Scores of Namibian farmers are baffled by the presence of arthrosis in all breeds of cattle and it seems that the popular Brahman is affected the most by this non-infectious degenerative condition of especially hind leg joints.
The problem is so serious that it will be brought to the attention of the agricultural ministry as farmers regard it as being in the national interest. Even Dr Joggie Briedenhann, renowned globally for his Bonsmaras, says the disease occurs on his farm Hartebeestloop and all that seems clear is that arthrosis is caused by environmental factors and is not hereditary. The presence of the disease has resulted in almost daily discussions around de-bushing as it seems some bushes contains the vital vitamins and minerals cattle need to prevent the disease.
In 1982, cattle farmers and local veterinarians in the Vryburg area of the North West Province of South Africa noticed the then new disease. Affected cattle developed visible swelling of particularly the stifle joint (femoro-tibial joint), as a result of effusions into the joints. There was lameness and poor growth and production, which could eventually lead to the affected animal being slaughtered. Post-mortem examination revealed ulceration of the joint cartilage and collapse of underlying bone (osteochondrosis).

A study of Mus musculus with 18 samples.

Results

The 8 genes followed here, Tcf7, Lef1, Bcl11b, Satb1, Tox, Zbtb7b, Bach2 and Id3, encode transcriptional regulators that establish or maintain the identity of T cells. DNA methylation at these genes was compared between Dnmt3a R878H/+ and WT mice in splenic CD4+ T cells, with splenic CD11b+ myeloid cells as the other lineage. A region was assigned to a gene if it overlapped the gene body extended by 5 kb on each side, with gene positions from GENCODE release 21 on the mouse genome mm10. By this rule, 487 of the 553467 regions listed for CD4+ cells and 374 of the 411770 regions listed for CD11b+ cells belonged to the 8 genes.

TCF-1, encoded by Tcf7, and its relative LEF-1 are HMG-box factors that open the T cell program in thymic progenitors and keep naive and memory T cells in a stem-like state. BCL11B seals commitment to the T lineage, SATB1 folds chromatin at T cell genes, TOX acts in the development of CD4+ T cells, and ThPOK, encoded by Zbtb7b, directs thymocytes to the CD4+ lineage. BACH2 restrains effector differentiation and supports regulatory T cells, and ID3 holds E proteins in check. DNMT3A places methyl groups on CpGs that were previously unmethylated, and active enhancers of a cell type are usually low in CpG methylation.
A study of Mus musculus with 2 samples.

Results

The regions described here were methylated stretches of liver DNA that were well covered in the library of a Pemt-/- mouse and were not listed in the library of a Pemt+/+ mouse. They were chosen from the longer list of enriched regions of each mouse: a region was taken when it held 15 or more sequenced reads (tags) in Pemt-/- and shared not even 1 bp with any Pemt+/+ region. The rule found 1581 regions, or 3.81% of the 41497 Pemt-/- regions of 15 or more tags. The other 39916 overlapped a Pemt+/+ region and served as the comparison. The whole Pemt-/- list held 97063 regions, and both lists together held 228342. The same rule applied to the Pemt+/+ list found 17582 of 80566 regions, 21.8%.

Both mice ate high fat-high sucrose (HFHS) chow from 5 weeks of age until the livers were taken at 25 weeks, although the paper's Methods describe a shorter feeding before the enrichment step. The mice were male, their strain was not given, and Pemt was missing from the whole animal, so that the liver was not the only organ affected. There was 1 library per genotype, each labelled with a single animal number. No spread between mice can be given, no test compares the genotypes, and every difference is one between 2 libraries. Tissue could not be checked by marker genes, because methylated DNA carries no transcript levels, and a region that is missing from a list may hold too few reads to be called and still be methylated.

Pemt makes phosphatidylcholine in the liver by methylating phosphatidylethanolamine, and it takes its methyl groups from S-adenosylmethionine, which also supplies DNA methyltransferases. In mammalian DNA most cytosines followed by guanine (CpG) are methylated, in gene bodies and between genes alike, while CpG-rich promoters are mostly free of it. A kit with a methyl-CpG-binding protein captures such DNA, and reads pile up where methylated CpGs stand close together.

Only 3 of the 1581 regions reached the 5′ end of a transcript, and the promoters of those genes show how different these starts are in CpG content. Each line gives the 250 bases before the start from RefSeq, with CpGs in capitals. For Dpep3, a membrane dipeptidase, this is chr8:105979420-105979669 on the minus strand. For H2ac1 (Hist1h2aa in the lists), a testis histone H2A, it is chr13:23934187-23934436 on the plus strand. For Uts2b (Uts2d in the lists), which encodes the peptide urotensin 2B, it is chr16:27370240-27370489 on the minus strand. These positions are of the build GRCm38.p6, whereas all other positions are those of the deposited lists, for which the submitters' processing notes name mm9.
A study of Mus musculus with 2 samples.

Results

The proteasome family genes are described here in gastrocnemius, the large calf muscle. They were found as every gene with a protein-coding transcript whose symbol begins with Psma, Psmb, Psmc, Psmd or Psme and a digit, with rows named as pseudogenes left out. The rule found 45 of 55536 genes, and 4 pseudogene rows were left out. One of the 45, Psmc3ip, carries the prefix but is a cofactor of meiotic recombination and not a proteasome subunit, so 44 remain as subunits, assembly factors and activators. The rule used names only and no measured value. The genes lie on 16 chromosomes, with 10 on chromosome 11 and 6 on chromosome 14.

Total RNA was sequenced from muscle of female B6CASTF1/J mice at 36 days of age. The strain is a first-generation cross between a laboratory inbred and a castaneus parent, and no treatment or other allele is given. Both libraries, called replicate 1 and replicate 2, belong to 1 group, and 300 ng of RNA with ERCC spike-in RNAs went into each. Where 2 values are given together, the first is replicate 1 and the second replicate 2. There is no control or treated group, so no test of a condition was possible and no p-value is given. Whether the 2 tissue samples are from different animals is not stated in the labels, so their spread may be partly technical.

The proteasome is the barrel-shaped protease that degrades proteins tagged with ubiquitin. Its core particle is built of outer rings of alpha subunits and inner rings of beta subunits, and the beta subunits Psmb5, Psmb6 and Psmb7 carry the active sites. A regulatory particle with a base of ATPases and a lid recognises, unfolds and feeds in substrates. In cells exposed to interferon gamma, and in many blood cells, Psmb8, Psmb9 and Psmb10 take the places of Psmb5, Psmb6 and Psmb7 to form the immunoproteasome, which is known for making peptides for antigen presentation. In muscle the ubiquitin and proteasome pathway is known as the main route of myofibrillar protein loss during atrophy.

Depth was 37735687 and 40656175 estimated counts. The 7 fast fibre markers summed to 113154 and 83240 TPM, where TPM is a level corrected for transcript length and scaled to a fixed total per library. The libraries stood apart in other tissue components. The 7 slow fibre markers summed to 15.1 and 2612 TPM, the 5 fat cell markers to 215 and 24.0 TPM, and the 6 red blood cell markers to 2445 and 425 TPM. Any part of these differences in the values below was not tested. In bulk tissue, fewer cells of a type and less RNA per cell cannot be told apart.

Arthrosis initially seemed to affect only a small number of show animals, but by the mid-1990s the problem became more widespread, affecting up to 40% of some herds.
All breeds, sexes and age groups are affected, in both commercial and communal herds. It was already then noted that the disease was also present in Namibian cattle. The incidence of affected animals per farm varies significantly but it is estimated to be 20-30%, and in some cases up to 80% of weaner calves have been affected.
It is recommended that farmers replace 10-15% of their female stock per annum.
But on some farms, and especially in communal areas, the owners could not replace even 10% of their breeding herd annually due to the high incidence of arthrosis. In these cases breeding stock had to be purchased to maintain herd numbers. The price of a breeder is estimated to be double the price of a commercial animal. The loss per breeding animal with arthrosis is estimated to be in the region of N$8,000 per animal.
Some farmers reported an incidence of up to 40% of arthrosis in their Phase D bulls, all of which had to be slaughtered.